I believe that the fundamental problem with agricultural yields in Africa (see Low yields 'due to wary farmers, not climate change') is that farm input technologies that increase yields result in lower prices, and therefore lower profit margins.

In the United States, this phenomenon was a driving force for the depopulation of rural areas as farm size increased to compensate for lower margins. Smaller rural populations can maintain a viable income, but the clear beneficiaries of agricultural technologies are the urban consumers who enjoy lower food prices.

The resultant greater discretionary income is not spent on increased consumption of rural products but on other urban products, so the farmer does not share in this benefit. African farmers have learned this, and also understand that they cannot increase their scale of production without land tenure to allow this.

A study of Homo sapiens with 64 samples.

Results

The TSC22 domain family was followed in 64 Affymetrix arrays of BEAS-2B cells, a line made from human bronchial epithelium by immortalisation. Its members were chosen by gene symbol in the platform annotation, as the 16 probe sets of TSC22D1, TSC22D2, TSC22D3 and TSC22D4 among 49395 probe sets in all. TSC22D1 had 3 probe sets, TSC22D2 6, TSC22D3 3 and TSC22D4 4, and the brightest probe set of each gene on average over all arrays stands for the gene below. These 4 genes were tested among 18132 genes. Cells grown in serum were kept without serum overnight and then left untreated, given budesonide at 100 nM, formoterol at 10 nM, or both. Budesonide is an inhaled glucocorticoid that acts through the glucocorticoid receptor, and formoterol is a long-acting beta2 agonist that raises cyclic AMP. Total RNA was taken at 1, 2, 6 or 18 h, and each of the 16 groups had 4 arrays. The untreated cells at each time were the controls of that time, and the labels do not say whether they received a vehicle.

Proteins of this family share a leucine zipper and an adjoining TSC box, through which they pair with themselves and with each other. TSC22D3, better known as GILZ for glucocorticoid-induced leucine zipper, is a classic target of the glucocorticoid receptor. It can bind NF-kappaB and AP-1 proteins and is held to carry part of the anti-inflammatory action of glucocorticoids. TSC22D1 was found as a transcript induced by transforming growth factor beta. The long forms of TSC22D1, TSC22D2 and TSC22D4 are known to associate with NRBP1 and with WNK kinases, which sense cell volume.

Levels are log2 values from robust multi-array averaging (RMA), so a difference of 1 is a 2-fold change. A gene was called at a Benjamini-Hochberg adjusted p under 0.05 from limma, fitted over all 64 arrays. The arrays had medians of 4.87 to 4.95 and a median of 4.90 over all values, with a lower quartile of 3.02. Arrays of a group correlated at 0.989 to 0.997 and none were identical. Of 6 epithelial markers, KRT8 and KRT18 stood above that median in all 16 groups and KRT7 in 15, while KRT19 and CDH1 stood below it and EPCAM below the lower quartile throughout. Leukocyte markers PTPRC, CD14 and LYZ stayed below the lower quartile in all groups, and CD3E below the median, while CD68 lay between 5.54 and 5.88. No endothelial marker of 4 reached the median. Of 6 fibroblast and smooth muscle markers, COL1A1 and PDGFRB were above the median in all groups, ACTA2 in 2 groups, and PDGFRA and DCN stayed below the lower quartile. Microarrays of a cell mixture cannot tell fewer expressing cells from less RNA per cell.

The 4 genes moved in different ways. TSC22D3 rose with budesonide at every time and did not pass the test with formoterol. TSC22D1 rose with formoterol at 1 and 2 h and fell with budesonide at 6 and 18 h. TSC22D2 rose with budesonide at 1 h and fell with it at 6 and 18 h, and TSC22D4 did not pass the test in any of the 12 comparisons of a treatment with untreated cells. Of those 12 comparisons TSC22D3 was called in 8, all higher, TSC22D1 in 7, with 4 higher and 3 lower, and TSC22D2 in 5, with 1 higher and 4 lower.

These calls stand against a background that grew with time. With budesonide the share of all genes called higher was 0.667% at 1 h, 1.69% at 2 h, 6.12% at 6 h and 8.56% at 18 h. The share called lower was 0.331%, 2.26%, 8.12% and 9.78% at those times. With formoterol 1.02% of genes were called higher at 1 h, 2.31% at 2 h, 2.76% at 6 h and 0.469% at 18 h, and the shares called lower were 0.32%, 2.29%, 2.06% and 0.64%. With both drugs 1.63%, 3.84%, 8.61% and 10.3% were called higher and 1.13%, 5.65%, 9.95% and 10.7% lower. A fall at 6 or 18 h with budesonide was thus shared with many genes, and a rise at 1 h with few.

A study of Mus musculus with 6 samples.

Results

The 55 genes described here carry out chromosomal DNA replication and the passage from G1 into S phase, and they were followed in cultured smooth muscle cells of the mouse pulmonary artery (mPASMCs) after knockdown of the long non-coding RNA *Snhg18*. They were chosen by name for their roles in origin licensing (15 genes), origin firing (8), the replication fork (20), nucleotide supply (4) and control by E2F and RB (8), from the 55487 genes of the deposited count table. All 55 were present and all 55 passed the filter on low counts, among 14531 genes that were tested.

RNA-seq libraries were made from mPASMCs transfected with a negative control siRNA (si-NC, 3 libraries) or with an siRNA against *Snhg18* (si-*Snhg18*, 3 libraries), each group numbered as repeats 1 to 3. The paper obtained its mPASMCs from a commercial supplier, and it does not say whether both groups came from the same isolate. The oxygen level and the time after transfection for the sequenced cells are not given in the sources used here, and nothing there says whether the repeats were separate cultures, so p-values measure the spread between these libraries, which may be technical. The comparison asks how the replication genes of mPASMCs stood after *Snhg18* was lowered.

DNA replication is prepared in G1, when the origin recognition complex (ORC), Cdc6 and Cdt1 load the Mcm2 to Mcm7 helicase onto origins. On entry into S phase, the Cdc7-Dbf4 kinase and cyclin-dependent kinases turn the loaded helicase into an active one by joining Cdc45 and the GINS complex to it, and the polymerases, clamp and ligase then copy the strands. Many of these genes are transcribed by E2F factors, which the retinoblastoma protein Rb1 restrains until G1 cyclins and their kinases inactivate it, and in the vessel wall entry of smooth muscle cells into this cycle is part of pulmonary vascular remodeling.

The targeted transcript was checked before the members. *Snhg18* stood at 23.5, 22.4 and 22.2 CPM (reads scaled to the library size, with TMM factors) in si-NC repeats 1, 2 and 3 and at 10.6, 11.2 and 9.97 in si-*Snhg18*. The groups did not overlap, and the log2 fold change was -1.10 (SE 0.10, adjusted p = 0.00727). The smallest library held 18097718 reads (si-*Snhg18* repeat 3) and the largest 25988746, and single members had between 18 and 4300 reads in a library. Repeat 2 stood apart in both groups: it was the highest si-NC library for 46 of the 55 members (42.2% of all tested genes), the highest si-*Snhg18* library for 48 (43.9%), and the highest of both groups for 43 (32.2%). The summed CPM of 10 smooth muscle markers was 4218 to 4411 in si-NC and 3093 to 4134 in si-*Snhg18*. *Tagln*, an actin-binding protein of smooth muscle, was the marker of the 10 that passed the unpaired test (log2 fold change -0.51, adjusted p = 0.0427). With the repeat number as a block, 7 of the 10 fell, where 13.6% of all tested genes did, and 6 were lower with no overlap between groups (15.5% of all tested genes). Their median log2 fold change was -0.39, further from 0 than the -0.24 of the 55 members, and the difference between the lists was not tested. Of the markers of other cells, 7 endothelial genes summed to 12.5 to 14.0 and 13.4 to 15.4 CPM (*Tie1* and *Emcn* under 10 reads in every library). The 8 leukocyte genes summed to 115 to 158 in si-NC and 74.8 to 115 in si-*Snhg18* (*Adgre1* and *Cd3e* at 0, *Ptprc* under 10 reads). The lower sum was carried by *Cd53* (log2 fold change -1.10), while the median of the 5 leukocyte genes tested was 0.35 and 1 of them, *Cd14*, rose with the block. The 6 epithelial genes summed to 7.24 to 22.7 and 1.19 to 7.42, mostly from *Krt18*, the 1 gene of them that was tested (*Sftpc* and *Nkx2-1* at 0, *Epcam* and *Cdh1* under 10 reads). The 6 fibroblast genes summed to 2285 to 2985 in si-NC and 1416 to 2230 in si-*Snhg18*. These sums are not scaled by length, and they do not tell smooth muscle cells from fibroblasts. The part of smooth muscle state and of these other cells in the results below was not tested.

The only way that rural people can equitably share in the benefits of farm technologies is through subsidies derived from taxation of urban sales of all items.

The problem is how to redistribute this revenue. Using the revenue as 'price support' for farmers — usually by directly buying the crop — is discredited because it causes market distortions. But we should consider other approaches to ensure greater equity in the benefits of technology.

Nations could agree to provide their farmers with fertilizer paid for by a tax on urban wealth, greatly increasing the efficiency of water use and helping to conserve the natural resources of soil, forests and associated biodiversity for all people.

Such a subsidy could be applied everywhere without really distorting the competitive position of any farm community at the expense of others. Productivity responses to fertilizer are such that the amount of subsidy would be self-regulating — application of fertilizers beyond a certain point provides no additional response, so the subsidy level will be regulated by a physical environmental factor rather than political need to maintain profitability of the enterprise.